Ojai pops to life with Mike Nava’s exhibition Studio Visit at new gallery in town The Basic Premise. His paintings recall Jackson Pollock’s drip paintings, brought to a third dimension atop layers of found objects and base materiality. The highlight of the show is a studio wall from Nava’s working space replicated in the white-cube environment of the gallery. This studio tableau includes the drop cloth that Nava used to paint his Naïveté of Flowers series, as well as a video of the process. This video transformed Nava’s work into a multimedia expression when it was displayed on July 28 at the Luckman Fine Arts Complex in Los Angeles as a 50-foot projection backdrop for the premiere of Joshua Tree Symphony by Raiford Rogers Modern Ballet.
A new fixture in the Ojai arts rotation, The Basic Premise opened in late 2017 and has featured shows by talents such as recent UCSB MFA Tom Pazderka. Gallerists Ted Nava (Mike’s brother and painter John Nava’s son) and business partner Matt Henriksen curated the show, which emphasizes both process and form.
Mike Nava’s frothing masses of polystyrene beads dripping with layers of paralyzed resin create a sense of bodily tissue. Manic layers of canary yellow amassed atop girlish pinks and purples in “Sudden Glimpse” (2017) create a sense of feminine intrigue that immediately draws in the eye. The organic qualities of the works’ material are interrupted by unexpected objects such as tinsel and paintbrushes; meanwhile, each piece retains its keen sense of optimism with a prism of powdery hues.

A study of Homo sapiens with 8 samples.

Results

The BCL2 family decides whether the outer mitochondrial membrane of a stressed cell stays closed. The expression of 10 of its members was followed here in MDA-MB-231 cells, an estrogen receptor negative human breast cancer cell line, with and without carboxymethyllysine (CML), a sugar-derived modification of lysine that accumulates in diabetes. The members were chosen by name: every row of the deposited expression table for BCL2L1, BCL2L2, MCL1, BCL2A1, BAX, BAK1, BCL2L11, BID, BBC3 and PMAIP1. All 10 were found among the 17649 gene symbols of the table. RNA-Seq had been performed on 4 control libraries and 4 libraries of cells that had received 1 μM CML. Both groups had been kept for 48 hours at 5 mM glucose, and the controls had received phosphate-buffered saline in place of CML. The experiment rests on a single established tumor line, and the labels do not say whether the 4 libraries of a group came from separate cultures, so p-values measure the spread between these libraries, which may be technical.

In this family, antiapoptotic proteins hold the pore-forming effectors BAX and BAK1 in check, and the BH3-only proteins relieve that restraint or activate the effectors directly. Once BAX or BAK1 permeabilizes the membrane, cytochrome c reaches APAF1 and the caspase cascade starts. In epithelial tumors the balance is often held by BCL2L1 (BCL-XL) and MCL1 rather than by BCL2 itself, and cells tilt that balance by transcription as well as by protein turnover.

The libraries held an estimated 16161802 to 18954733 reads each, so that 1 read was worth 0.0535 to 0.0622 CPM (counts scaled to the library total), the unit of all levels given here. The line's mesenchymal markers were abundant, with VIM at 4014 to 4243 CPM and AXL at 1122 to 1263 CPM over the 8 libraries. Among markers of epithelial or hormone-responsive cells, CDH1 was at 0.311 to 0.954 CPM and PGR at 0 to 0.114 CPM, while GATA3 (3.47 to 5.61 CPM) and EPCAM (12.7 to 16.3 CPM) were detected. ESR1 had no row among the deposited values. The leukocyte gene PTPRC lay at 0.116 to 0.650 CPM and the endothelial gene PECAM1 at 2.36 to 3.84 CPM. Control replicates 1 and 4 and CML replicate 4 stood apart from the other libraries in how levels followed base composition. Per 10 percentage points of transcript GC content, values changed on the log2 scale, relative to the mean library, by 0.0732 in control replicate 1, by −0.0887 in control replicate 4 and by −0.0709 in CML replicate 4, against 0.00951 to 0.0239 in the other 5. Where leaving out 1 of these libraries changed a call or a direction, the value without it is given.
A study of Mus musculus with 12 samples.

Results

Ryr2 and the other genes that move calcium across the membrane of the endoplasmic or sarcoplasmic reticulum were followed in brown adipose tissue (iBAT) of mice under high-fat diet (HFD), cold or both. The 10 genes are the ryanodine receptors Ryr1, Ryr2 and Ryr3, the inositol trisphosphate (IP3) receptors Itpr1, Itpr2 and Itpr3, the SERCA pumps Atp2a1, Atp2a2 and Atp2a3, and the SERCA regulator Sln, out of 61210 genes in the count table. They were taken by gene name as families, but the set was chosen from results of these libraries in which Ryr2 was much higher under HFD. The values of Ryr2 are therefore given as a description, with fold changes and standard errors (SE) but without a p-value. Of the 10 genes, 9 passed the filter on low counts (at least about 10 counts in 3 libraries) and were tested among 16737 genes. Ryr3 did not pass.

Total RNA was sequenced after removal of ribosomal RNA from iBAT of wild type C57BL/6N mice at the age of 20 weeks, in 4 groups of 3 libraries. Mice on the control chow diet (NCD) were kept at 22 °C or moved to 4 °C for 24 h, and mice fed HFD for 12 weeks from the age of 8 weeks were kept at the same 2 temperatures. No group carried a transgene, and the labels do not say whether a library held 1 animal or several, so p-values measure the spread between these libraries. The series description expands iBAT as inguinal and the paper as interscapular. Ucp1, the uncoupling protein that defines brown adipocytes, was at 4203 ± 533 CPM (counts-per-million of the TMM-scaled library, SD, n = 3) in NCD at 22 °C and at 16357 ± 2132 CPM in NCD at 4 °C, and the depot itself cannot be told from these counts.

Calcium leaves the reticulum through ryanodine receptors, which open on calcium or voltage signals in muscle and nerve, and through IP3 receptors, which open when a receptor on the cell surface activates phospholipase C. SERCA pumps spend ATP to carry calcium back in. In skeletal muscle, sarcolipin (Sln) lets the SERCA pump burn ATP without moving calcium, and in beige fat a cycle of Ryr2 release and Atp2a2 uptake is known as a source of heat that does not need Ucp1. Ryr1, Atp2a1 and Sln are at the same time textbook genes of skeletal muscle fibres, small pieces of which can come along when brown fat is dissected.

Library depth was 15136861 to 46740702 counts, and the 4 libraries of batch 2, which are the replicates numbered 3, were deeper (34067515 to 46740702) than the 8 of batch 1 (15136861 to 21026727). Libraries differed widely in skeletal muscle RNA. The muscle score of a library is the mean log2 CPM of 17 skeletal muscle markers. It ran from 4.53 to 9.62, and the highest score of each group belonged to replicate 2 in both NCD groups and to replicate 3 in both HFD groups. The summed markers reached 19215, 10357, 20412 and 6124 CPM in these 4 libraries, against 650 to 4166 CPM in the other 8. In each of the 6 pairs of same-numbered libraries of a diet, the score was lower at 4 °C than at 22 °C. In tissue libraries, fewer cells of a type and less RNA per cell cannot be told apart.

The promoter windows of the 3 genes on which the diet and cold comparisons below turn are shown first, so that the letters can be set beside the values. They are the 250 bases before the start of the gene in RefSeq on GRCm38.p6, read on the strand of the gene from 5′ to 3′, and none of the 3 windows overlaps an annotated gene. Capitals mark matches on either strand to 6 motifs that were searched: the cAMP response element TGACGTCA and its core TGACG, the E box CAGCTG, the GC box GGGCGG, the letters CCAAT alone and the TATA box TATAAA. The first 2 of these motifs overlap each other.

Nava’s process is exceptional in its complex yet blasé nature. The artist uses such oddities as ketchup bottles and cake-decorating bags to build up the forms, and then blasts paint over his creations with squirt guns and fire extinguishers to draw in the element of chaos so prevalent in the finished works. “Red Child” (2018) and “Blue Child” (2018) are particularly painterly, recalling abstract expressionism gesturally, but done with a post-pop palette of fluorescents and brights.
While the artworks all display a physical depth, “The Madonna” (2017) lights up with a greater sense of spirituality. The substance is at once biotic and otherworldly, with rich plum tones spackled against a coral-like surface whose topography appears as if it could start heaving with breaths of life at any moment. Reflective in nature, this painting/sculpture is particularly easy to get lost in.
Studio space is naturally sacred and private to an artist, but Nava and the curatorial team made an apt decision to re-create the environment in its entirety inside the otherwise minimalist cube of The Basic Premise’s space. The effect is both shocking and humanizing, as we are brought into the inner workings of Nava’s mind’s eye. Buckets of tossed paint drooling down the walls of the studio reflect a sensibility similar to that displayed in the paintings themselves. Rectangular shapes on the walls where the paintings in the Naïveté series hung while they were created are clearly visible even amid the later splatters, thus lending a greater transparency to the process behind the paintings turned multimedia ballet experience. The inclusion of a paint-laden chaise allows us to peer across the artist’s creative boundaries into his personal space, thus bringing his artistic expression to new heights of decadence.
Fluid in nature, the gallery is not consistently open. While Studio Visit closed on July 14, Mike Nava’s paintings can still be viewed by appointment by contacting email@example.com.
Mike Nava’s Studio Visit is viewable by appointment only at The Basic Premise (918 E. Ojai Ave., Ojai). The gallery will open to the public Saturday, August 11, 8:30 p.m., for Fire, Flood and Freeway, a program of films hosted by the Echo Park Film Center. The next exhibit, Jane Handel’s Unrepentant Sensualist, opens September 15.